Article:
5 things Cristiano Ronaldo could do post-retirement
Coming up to the age of 33, the clock is finally beginning to tick on the career of global superstar Cristiano Ronaldo. He’s been one of the world’s most recognisable talents since he landed at Manchester United back in 2003, and since 2009 there’s an argument that he’s been the best player in the world, period. He’s won the Champions League four times with United and Real Madrid, he’s won the European Championships with Portugal, and he’s won the Ballon d’Or four times too.
Nothing can last forever, though, and with likely only a couple of seasons at most left for him at the top level, perhaps one eye might be cast towards what he plans to do when he retires. The time might not arrive just yet but who knows, Ronaldo – like another United legend in Eric Cantona – might decide to hang it up before his skills fully begin to wane, preferring to be remembered at his peak rather than on a downswing.
Assuming his retirement comes sooner rather than later, here are five things he could do once he’s walked away from the game.
#1 Go into coaching or management
An old adage is that the best players don’t always make the best managers or coaches, mainly because either their standards are too lofty and impossible for lesser players to reach, or they simply don’t understand how to teach skills as they picked them up in a more natural way. There are exceptions though and they’re becoming more common these days – look at Zinedine Zidane, Diego Simeone and Pep Guardiola to name a few.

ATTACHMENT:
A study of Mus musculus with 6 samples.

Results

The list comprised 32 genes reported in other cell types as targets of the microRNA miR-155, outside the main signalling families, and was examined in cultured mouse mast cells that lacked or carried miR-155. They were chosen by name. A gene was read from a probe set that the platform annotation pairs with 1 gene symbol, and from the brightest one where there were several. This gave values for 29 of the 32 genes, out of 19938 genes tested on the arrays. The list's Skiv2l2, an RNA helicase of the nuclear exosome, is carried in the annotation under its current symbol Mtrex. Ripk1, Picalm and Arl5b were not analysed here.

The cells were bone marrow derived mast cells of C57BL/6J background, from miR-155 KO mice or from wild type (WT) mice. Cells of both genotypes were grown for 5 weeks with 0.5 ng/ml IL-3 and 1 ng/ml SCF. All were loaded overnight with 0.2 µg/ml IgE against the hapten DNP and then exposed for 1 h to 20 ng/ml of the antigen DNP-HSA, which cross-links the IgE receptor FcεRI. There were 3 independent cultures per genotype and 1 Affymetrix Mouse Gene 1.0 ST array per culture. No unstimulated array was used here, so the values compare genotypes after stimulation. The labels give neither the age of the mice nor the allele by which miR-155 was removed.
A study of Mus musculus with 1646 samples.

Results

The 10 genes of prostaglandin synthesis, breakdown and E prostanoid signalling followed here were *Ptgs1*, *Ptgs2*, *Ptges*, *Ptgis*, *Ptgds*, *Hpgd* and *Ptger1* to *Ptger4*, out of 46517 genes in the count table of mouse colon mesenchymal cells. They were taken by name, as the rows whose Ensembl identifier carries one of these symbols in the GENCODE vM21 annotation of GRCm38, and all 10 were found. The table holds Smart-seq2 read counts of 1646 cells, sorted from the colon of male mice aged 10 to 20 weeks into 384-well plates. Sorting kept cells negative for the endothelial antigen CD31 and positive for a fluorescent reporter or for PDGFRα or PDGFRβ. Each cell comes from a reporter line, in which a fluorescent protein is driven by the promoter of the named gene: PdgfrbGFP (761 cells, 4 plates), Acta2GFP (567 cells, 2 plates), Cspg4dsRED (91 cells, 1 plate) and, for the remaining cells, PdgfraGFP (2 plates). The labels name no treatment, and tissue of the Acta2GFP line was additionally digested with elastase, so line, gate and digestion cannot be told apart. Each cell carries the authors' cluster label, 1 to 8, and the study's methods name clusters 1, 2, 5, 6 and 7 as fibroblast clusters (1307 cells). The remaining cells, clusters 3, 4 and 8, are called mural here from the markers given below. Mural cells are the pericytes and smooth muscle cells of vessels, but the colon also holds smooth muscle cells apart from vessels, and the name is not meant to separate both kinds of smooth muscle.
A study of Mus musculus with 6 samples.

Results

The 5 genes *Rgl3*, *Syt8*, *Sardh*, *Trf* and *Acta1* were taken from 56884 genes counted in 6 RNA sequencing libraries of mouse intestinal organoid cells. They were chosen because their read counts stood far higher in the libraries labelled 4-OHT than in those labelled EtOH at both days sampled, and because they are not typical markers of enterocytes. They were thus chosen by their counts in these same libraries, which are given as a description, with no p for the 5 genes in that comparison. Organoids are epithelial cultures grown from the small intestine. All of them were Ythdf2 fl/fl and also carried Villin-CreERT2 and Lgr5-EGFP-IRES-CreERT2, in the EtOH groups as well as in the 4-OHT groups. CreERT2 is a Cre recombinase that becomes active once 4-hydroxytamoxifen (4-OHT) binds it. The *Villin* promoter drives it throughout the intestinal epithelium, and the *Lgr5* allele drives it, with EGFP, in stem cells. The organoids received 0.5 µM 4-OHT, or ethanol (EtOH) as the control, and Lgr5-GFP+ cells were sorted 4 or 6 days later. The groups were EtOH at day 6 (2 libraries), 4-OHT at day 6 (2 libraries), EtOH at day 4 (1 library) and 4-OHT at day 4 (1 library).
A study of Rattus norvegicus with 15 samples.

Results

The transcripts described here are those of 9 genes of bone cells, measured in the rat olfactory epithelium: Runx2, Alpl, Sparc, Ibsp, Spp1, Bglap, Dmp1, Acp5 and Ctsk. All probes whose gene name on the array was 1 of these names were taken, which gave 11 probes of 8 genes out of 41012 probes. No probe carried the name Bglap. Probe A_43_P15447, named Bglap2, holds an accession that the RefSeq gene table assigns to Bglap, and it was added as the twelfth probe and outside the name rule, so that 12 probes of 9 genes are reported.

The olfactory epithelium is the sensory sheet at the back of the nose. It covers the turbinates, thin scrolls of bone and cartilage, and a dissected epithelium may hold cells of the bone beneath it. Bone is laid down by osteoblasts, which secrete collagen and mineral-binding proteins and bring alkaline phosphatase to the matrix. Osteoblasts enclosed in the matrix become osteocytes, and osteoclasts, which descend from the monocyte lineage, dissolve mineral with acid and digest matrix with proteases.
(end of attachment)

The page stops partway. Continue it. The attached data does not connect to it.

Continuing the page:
Could Ronaldo join them? There’s been no word that he wishes to take any official FIFA coaching badges or anything of that sort yet, but then he may simply have not considered that path just yet. Judging on the finals of the 2016 European Championships though, it could definitely be something for him to consider. Substituted early on in the game with an injury, Ronaldo didn’t sulk back off to the changing rooms wondering what might’ve been – instead he stepped into a very vocal role from Portugal’s bench, cheering his teammates on and offering advice.
Do we know whether the advice was of a technical sort, or was it simply just encouragement? We honestly don’t know as it’s practically impossible to tell what’s being shouted by someone on the bench, even the actual manager or coach, but it was clear that Ronaldo was far more vocal even than Portugal’s manager Fernando Santos. And of course, Portugal went on to win the game.
If this example was anything to go by then Ronaldo can inspire players at the very least – one of the trickiest parts of being an effective coach or manager. If he can learn the technical side of things from a coaching standpoint, there’s no reason to suspect he couldn’t succeed there.